The Necessity of Wildness

A recent issue in a periodical to which I have subscribed for decades included an ecological article on the relationship between human beings and other species. The author wrote:

“We were never meant to operate as an autonomous and independent species. We desperately need the full cooperation of other species to survive, from large mammals that maintain a crucial balance within ecosystems to microbial communities in our own guts. I know in my bones that to thrive I need connection with the trees and plants and wilderness, and most importantly with animals.”

Most people experience some sense of enjoyment and benefit when out in the natural world. By natural world I mean the parts not altered by buildings, concrete, asphalt, dammed rivers, and cultivated land. This is why parks – city, county, state, and national – get tons of usage by the citizenry. A few, of course, decry anything uncivilized. Like NYC residents who own Hummers but for whom off-road is the Safeway parking lot.

An example is the campfire. Campfires (backyard or off the beaten track) are enjoyed by almost everyone. Perhaps this is tied to some clan-of-the-cave-bear memory deep in our DNA. A subconscious connection to our long-ago ancestors for whom the fire meant warmth, security, and cooked food. The 1982 movie Quest for Fire graphically illustrates this.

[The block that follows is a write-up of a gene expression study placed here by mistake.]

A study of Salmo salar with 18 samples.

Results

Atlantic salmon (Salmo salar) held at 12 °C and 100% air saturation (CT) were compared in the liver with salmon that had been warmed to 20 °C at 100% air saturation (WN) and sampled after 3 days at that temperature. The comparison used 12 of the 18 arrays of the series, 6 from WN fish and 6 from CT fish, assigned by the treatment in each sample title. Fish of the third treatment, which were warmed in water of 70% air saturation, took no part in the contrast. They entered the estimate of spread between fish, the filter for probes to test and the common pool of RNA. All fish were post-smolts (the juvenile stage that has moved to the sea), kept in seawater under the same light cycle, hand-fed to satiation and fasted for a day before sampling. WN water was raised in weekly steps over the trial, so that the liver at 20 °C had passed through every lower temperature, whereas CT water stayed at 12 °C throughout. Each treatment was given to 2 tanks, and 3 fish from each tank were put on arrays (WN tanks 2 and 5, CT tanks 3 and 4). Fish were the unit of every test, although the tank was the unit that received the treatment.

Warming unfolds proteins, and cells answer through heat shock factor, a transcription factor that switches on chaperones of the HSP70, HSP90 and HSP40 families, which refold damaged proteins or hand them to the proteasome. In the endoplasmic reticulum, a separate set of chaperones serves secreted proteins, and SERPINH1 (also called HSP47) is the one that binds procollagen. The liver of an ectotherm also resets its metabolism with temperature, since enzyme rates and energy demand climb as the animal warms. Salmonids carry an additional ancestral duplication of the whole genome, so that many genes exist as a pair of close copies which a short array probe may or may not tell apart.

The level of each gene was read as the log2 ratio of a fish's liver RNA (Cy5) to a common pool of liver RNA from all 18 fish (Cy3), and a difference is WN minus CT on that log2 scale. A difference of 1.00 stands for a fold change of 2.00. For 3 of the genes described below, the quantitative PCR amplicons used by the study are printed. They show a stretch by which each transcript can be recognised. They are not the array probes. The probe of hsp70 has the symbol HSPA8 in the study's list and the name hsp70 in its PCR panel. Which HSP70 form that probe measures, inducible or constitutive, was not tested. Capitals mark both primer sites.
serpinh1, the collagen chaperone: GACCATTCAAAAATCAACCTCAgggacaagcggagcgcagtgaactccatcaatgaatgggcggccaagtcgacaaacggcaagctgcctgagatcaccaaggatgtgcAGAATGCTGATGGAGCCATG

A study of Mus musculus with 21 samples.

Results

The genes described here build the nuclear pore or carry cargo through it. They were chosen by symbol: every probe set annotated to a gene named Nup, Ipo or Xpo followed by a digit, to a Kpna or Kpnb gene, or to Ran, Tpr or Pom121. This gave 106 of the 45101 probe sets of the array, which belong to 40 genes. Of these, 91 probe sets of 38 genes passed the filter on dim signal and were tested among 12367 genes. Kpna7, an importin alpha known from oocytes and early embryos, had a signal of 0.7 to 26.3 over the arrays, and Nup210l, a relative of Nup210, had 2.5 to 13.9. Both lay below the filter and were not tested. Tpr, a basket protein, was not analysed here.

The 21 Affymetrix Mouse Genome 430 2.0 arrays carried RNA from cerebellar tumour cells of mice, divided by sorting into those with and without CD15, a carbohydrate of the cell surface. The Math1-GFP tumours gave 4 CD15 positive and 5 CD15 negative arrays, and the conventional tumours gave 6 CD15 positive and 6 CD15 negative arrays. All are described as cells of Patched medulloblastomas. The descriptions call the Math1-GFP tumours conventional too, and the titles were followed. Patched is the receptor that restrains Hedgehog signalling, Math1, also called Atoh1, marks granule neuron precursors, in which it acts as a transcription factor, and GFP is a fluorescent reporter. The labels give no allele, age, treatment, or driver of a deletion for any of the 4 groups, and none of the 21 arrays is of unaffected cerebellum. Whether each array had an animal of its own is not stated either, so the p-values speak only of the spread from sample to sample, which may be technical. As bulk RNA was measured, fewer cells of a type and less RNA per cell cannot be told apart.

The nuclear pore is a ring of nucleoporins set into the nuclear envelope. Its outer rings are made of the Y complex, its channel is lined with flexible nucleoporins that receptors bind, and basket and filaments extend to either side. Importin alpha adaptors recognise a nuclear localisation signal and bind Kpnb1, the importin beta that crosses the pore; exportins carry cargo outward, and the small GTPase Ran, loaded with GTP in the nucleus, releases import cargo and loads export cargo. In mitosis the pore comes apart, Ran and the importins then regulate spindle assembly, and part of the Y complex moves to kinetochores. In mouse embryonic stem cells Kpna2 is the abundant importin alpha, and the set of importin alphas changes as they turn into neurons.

My childhood, with rare exceptions, did not include camping, backpacking, or forays into wilderness. I don’t know from where it came, but beginning in early adulthood I have had this desire/need to be out in nature. The farther from any hint of human activity the better. In 1992 I spent considerable time alone in Kluane National Park, Yukon Territory, which is only accessible by foot or helicopter . . . there is not a single road within the park. Five miles from the nearest human being and bushwhacking with no trails, I felt a deep peace. Even when I found myself having a conversation with a grizzly bear thirty yards away. A connection was intimately felt.

Henry David Thoreau wrote in his 1861 essay, Walking: “In wildness is the preservation of the world.” Some folks either do not know this or chose to ignore it. Others realize that if we do not heed Thoreau’s wisdom, we will be digging our own grave as a species.